My third reset in almost ten years, and where to go from here

I first joined WaniKani in 2014, and over the years life took me away from the site and my reviews. I’ve gone on vacation mode a few times, reset a few times, and attempted to pop back in every so often. The last time I logged in was way before COVID so I believe a hard reset would be best for me. The question I have is though, what pace do you all go at regarding new lessons and reviews so it doesn’t get overwhelming? For context, I’m currently in my busiest year of med school and I can’t remember how many lessons I used to do each day/week. I’d appreciate any help/tips you have for this returner.

Thanks,
The-Ever-Returner

I was doing 3 kanji and 9 vocab for a while and getting like 100 reviews a day.

But I think the most important thing is to make it a habit to at least review everyday and just do lessons whenever you have time/feel like it.



That sounds foreboding. Doesn’t med school also involve a ridiculous amount of memorization? I know Anki has become pretty much a defacto requirement for med students.

Learning to read a bit of Japanese has been a life-altering win for me, so I hesitate to steer anyone away, but maybe you’d be better served by waiting to begin again?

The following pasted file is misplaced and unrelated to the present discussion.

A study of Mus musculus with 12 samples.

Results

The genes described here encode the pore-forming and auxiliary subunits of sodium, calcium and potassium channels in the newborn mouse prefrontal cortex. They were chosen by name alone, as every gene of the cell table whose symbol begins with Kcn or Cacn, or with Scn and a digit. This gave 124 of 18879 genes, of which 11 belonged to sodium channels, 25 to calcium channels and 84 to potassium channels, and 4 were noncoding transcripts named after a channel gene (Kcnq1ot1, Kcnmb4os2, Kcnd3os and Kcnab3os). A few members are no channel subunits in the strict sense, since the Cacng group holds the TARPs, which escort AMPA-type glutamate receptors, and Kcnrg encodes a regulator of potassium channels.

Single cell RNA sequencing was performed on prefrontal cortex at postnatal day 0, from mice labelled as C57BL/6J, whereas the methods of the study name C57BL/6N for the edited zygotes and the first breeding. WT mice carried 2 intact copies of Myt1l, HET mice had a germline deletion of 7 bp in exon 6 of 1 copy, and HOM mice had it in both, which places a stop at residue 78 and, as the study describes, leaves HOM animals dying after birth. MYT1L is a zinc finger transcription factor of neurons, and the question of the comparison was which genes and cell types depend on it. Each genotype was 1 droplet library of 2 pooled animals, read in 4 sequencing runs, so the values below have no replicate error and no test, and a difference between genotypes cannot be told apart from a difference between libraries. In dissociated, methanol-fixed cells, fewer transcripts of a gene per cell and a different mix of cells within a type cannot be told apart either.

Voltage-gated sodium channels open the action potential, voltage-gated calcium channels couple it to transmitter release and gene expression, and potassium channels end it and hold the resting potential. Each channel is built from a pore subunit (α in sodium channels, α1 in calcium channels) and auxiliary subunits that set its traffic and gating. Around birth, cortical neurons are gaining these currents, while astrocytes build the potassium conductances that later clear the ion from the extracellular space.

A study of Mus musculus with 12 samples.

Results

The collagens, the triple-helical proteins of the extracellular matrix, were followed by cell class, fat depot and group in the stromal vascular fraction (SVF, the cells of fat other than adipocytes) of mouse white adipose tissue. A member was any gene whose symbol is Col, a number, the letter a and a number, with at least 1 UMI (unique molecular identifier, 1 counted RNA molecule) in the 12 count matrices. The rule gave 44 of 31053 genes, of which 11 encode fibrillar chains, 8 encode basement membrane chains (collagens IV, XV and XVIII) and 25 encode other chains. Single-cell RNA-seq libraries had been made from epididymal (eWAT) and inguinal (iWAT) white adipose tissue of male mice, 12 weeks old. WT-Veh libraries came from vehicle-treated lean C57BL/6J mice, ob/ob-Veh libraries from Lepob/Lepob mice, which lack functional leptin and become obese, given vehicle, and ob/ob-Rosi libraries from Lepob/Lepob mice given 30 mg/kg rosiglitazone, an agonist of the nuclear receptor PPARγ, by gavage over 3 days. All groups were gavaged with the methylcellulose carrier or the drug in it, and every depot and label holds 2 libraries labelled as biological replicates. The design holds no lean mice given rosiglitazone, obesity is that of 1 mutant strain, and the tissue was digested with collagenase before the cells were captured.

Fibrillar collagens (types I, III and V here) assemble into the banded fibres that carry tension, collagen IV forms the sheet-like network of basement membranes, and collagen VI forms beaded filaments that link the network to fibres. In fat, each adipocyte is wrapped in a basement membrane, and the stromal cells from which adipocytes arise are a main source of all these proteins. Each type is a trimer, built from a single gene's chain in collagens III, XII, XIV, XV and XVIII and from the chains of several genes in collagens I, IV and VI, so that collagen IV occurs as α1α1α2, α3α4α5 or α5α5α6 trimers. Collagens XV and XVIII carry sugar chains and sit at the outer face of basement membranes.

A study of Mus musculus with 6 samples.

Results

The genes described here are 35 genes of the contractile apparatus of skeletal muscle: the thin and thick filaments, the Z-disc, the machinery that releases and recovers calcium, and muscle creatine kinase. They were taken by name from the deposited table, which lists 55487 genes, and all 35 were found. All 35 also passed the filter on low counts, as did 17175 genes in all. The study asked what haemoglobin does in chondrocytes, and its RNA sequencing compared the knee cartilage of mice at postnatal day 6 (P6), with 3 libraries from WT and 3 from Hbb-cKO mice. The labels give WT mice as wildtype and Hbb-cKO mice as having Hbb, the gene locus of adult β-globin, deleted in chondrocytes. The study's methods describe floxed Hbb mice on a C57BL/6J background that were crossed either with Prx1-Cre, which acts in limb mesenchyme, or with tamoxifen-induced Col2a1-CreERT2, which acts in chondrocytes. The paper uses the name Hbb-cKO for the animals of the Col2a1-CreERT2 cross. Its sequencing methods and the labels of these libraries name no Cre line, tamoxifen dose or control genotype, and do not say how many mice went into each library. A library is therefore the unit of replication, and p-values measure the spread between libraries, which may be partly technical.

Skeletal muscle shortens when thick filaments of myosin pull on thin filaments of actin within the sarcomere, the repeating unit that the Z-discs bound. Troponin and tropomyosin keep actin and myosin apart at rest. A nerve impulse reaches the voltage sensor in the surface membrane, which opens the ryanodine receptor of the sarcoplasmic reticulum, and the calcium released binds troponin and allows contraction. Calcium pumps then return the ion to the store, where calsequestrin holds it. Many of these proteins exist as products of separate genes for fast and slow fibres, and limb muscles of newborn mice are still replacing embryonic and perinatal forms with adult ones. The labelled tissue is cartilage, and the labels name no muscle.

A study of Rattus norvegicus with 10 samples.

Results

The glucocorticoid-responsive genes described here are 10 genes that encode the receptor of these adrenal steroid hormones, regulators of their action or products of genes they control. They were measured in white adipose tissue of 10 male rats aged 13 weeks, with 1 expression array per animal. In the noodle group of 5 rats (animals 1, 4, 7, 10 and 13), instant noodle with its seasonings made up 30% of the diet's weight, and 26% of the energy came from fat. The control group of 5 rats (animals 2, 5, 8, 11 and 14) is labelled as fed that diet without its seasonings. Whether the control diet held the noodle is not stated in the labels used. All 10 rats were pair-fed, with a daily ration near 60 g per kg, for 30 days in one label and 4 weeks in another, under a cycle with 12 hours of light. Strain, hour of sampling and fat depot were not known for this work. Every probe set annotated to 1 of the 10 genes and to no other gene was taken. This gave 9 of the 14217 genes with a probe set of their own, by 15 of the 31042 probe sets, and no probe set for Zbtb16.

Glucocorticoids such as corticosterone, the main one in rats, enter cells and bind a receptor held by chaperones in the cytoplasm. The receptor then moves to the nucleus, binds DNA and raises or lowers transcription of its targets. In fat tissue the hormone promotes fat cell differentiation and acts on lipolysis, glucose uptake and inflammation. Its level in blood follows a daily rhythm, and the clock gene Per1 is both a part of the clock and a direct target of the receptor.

For lessons, probably not everyday, also don’t do too many at a time. My idea is 10-15 is at a time. Also, work up on memory. Don’t trust too much on SRS for initial short-term memory. Learn to create mnemonic is a way.

Nonetheless, doing some lessons at all every week probably isn’t a bad idea.

If the target is level 60, prepare for 3 years or more. (Technically 2 years isn’t too hard, if not for competing priorities.)

I think some people use Anki for med school as well.



When I am very busy, I still try to do 20, 50 reviews during the day. You don’t need to be fast. Take your time, sometimes I take 3, 4 days for one level, sometimes I take a month. The important thing is to do a little bit every day. It’s a long road.


Like most people saying, the key part is consistency. Burnout, long breaks, and resets will take you longer than going slow and steady. Something else to note is that I think it takes about 7 days or so for your review workload to catch up with your lessons (disclaimer: might be getting the exact number confused with Anki).

I’d target a number of reviews you feel comfortable doing every day. If you feel really motivated one day and want to go ham on reviews or lessons, think about the future you and just don’t! Practice another way, with leech training, mistake reviews, reading a book, or something else. It’s the you of that moment that can handle it - not necessarily the you a week from now.